We’ve all seen the movies and TV shows about startups and the intense commitment workers are expected to have in order for the business to thrive. However, what does it mean to work for a “visionary,” and how much of a voice should you have in the process of building a startup? In this week’s episode, we welcome Carter Severns, Vice President of Marketing at Place, for a chat on the unique workflow challenges presented when working in a startup, as well as the opportunities to establish leadership and when you should outsource work to agencies to increase productivity.  We discuss the importance of transparency when entering a new marketing role, and how to advocate for resources to substantially improve the efficiency of your team’s workflow. 



  • Seeking Outside Validation – You have great ideas, but you need to back them up! Using examples of your proposal from outside sources, particularly ones that your CEO trusts, will gain their trust and afford you the opportunity to move your initiatives forward.
  • Eliminating Risk – Risk affects both the buyer and the company. When purchasing a product or service, a buyer is seeking low risk and high reward. The same goes for the hiring process, ESPECIALLY when bringing in new executives. Eliminating or reducing the possibility right from the start can make for a much more rewarding experience.
  • Knowing When to Outsource – The team you bring in depends on your company’s biggest obstacles. You may not have every skill set on staff, and that’s okay! Bringing in freelancers or gig workers while maintaining a high-level of quality is a cost-effective part of any startup’s strategy. 
  • Valuing Your Time – Never underestimate the amount of time Project Management takes. Checking in on project status, as well as updating people internally and externally, is a time consuming process that may take you away from physical work. The more people you bring in, the more time it will take to manage a project. 
  • The “Figure It Out” Gene – Startups do not often have the space for workers to learn or grow on the job. Initiative in off-work hours, like taking the time to train, certify, or build something on your own that you may not have been asked to do in the workplace, will help you to build tangible and beneficial skills to bring to the workplace. 
  • Keep ‘Em Satisfied – In the first 6-12 months of building a business, taking the time to figure out what’s exciting to your team opens up opportunities to thrive in the work setting. Staying in tune with your team (like asking them how you can assist in overcoming roadblocks) will keep them satisfied and at your company for longer.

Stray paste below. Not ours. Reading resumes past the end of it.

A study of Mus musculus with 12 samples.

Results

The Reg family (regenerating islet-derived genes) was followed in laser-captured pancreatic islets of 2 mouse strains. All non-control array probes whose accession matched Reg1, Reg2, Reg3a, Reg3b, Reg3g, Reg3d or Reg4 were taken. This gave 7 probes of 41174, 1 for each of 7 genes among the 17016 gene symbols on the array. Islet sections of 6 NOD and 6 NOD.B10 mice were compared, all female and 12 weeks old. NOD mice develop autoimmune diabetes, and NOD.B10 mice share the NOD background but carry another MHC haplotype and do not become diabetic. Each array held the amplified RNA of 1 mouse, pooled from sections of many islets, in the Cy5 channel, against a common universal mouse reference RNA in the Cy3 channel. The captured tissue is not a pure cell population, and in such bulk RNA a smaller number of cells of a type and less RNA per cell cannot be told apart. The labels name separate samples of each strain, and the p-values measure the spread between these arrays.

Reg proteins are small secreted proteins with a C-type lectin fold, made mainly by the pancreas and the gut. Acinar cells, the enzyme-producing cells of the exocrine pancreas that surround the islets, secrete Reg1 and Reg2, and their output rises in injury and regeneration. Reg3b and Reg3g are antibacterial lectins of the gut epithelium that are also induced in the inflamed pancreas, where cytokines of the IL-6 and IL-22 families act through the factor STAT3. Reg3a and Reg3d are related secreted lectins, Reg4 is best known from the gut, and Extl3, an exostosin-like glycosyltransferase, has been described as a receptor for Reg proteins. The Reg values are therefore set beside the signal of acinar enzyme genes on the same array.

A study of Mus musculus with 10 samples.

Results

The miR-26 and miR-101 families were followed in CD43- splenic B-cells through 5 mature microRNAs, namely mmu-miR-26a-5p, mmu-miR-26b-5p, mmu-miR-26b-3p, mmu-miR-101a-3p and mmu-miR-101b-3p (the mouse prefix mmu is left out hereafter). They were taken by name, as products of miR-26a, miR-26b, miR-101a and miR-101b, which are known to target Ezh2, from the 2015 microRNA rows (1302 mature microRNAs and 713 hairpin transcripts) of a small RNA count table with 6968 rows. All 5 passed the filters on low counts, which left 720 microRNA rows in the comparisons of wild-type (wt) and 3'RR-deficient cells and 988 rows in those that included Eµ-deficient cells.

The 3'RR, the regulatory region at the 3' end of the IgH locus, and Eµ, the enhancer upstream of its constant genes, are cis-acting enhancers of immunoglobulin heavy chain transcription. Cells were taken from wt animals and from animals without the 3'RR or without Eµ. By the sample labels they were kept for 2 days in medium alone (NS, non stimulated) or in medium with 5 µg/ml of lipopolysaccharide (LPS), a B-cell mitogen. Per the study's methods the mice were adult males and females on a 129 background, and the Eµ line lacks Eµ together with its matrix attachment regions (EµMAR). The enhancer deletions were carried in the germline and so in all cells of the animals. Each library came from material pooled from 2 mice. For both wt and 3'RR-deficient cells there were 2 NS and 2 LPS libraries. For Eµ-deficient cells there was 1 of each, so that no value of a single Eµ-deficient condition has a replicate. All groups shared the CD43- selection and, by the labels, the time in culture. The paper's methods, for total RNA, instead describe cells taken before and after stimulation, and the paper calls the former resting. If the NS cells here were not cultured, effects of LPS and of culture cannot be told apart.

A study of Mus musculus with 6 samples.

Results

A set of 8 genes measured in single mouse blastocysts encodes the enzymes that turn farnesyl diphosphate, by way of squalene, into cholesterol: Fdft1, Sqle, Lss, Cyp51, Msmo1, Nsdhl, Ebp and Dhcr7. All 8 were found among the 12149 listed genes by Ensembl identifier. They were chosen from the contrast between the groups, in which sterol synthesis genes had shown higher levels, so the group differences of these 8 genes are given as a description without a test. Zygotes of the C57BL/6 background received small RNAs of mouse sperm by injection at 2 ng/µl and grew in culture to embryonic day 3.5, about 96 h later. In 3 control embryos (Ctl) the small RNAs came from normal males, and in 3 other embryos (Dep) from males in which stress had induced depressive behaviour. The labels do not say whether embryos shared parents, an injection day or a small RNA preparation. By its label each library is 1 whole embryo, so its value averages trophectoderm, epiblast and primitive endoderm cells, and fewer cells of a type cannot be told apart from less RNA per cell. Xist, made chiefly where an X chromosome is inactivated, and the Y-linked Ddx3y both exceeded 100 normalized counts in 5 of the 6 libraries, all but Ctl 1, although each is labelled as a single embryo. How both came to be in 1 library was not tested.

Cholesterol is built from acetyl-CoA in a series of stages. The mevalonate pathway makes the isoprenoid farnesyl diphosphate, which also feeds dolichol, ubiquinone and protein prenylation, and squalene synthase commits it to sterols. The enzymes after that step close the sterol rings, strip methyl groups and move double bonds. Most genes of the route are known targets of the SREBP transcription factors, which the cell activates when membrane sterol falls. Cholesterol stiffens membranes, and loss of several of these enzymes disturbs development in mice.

• Recognizing Weak Spots – Hires need to be self-aware enough to know when they are capable of a new task, and when it’s time to outsource. Even if your team hosts a particular skill set, ask yourself: is that the most efficient way for their time to be spent?
  • Time Management – Are you tracking time, or do you trust your team to properly allocate their time to fit the needs of every project? With more remote jobs becoming available, proper time management plays a large component in your success with any company. As Carter puts it, “It’ll come to light pretty quickly if you’re not getting your stuff done.”
  • Budgeting – When first interviewing for a marketing role, get a clear idea for the money that the team has to allocate time-intensive work to outsourced agencies. If a clear need isn’t established, you run the risk of doing everything yourself. 
  • Product Market Fit – Are the marketers in your organization able to explain what the company does? If not established, it will be VERY hard to explain that to the general public. Understanding what part of the “Product Market Fit” journey your organization is in helps to clearly establish the necessary workflows to make your efforts successful.
  • Aligning Expectations – Establishing clear daily, weekly, monthly, and quarterly stretch goals will help any marketer determine if initiatives are historically attainable, or if it’s time to readjust the pipeline to e expectations. 



  • Weekly Sales/Marketing Meeting 
  • Ongoing Communication
  • Lead Management/Nurturing
  • Design Pickle
  • Hubspot



As Carter puts it: “Marketing is NOT a silver bullet.” Marketing is a long-term investment that requires intention, transparency, and understanding. Some aspects of marketing are a long, slow burn that can take up to 6 months to see the benefits of. Being intentional and setting expectations from the start sets a very important foundation that leaves room for small wins along the way and big wins in time.


A bit more about Carter:

Carter is the VP of Marketing at Place, a software development agency which supports SaaS businesses using Salesforce with Subscription and Billing operations. For more than a decade, Carter has committed his career to helping B2B, SaaS, and growth-stage companies by running their growth and marketing initiatives, leading companies like BizNet Software, Creative cave and OneDay as a go-to marketing expert. Throughout his career, Carter has been noted for his from-scratch marketing and go-to-market strategies, as well as his revenue-focused leadership for high-growth companies.  Outside of work, Carter is an avid home chef, and has closely attributed the cooking process to the thought process he uses in marketing strategies: follow what works, and throw out what doesn’t.